With more than 700 companies, German Minister of Labor inaugurates a conference to attract skilled workers

The German government launched a conference with the aim of searching for skilled workers. The German Labor Minister said that his country needs more skilled workers to enhance its capabilities as the third-strongest economy in the world.

“Securing access to skilled labor means ensuring prosperity,” Labor Minister Hubertus Heil told the German News Agency before the beginning of a government conference to search for skilled workers on Monday, February 26, in Berlin.

He added: “There are currently more people in the workforce than ever before…more than 46 million people. However, we need more skilled workers in order to fully explore our capabilities as the third-strongest economy.”

He explained: “This means increasing the participation of women, older workers and those with special abilities in the labor market.” He also said that there is a need for more training and education, and the number of young people who do not have academic or professional qualifications must be reduced.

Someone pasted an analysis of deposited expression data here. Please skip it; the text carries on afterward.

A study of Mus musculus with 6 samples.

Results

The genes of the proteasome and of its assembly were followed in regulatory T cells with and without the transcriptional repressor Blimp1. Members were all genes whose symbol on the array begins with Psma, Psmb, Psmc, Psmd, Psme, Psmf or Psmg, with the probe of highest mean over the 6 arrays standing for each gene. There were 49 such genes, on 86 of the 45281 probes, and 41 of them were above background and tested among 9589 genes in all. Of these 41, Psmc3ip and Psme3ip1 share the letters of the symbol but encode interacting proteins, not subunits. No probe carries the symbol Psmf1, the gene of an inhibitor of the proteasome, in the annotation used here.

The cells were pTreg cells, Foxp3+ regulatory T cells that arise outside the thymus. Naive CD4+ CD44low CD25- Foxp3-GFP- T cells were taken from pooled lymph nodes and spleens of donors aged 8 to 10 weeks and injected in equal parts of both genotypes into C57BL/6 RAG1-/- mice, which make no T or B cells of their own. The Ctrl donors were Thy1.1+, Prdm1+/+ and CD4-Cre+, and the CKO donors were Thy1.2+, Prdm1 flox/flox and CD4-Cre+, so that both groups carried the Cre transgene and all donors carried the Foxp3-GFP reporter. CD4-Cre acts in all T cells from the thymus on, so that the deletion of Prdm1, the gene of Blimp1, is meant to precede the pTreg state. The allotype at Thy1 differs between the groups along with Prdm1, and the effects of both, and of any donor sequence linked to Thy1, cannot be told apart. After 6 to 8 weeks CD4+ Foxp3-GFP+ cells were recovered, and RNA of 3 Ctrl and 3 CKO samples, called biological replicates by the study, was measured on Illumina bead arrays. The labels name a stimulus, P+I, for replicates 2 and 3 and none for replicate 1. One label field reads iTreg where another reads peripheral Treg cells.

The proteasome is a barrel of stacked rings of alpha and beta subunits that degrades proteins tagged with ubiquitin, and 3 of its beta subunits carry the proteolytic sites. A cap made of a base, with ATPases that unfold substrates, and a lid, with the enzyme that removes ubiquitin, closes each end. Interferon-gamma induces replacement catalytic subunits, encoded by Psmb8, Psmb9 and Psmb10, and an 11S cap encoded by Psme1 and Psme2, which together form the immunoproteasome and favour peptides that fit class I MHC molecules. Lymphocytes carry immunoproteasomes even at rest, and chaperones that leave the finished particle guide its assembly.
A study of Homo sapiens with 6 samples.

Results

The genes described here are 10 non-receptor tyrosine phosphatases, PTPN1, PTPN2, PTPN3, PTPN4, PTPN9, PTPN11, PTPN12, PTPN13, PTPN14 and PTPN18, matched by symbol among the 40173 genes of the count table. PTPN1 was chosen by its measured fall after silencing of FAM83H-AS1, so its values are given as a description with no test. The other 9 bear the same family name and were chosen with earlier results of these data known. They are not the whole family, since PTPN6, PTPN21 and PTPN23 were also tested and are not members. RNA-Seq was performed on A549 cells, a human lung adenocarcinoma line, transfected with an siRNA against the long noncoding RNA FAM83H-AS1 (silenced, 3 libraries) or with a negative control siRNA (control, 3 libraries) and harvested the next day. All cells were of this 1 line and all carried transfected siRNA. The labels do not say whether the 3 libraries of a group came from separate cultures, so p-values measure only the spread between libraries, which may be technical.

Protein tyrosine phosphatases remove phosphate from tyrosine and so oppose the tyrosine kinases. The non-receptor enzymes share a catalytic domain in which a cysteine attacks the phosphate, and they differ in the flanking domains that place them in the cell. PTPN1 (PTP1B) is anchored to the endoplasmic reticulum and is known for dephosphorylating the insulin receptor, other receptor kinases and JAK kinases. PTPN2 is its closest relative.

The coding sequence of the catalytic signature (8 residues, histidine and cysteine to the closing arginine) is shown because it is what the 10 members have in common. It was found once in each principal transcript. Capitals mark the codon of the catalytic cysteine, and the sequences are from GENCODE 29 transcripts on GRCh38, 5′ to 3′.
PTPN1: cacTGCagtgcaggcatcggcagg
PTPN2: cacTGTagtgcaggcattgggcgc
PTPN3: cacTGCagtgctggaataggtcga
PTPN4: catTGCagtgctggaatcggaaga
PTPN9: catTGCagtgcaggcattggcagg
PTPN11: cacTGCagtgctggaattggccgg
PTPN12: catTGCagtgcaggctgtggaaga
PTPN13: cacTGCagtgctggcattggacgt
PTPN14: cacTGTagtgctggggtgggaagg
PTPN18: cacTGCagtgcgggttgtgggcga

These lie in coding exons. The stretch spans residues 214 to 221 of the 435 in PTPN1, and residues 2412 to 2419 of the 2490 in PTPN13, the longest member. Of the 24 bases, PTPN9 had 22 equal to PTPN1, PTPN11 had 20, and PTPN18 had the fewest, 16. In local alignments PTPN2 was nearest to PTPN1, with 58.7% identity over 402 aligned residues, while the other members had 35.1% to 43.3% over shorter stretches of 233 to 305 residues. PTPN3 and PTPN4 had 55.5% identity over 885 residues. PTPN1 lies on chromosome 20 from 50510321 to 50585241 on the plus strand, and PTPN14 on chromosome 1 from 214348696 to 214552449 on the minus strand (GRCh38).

In order to attract skilled workers, he invited more than 700 representatives from companies, agencies and the community to attend the one-day conference.

The German Skilled Worker Award will also be presented for the first time on Monday evening. The award will be given to companies, networks and institutions that have successfully implemented innovative and sustainable measures to attract skilled workers.

It is noteworthy that the German government has been working for some time to meet its need for many skilled workers in various jobs, and an analysis conducted by the German Employment Agency indicates that there is a shortage of skilled labor in one out of every six professions in Germany. This is the reason that prompted the government to introduce reforms to the Skilled Labor Immigration Law, aiming to facilitate the arrival of foreign workers to Germany.

The problem is that these workers not only want to come to Germany, but they also want to stay there, at least for a while. Herbert Brucker from the Institute for Job Research in the southern German city of Nuremberg says, “Temporary migration is increasing,” and the reason for this is that means of transportation have become less expensive, while technological development has facilitated continuous communication with family members.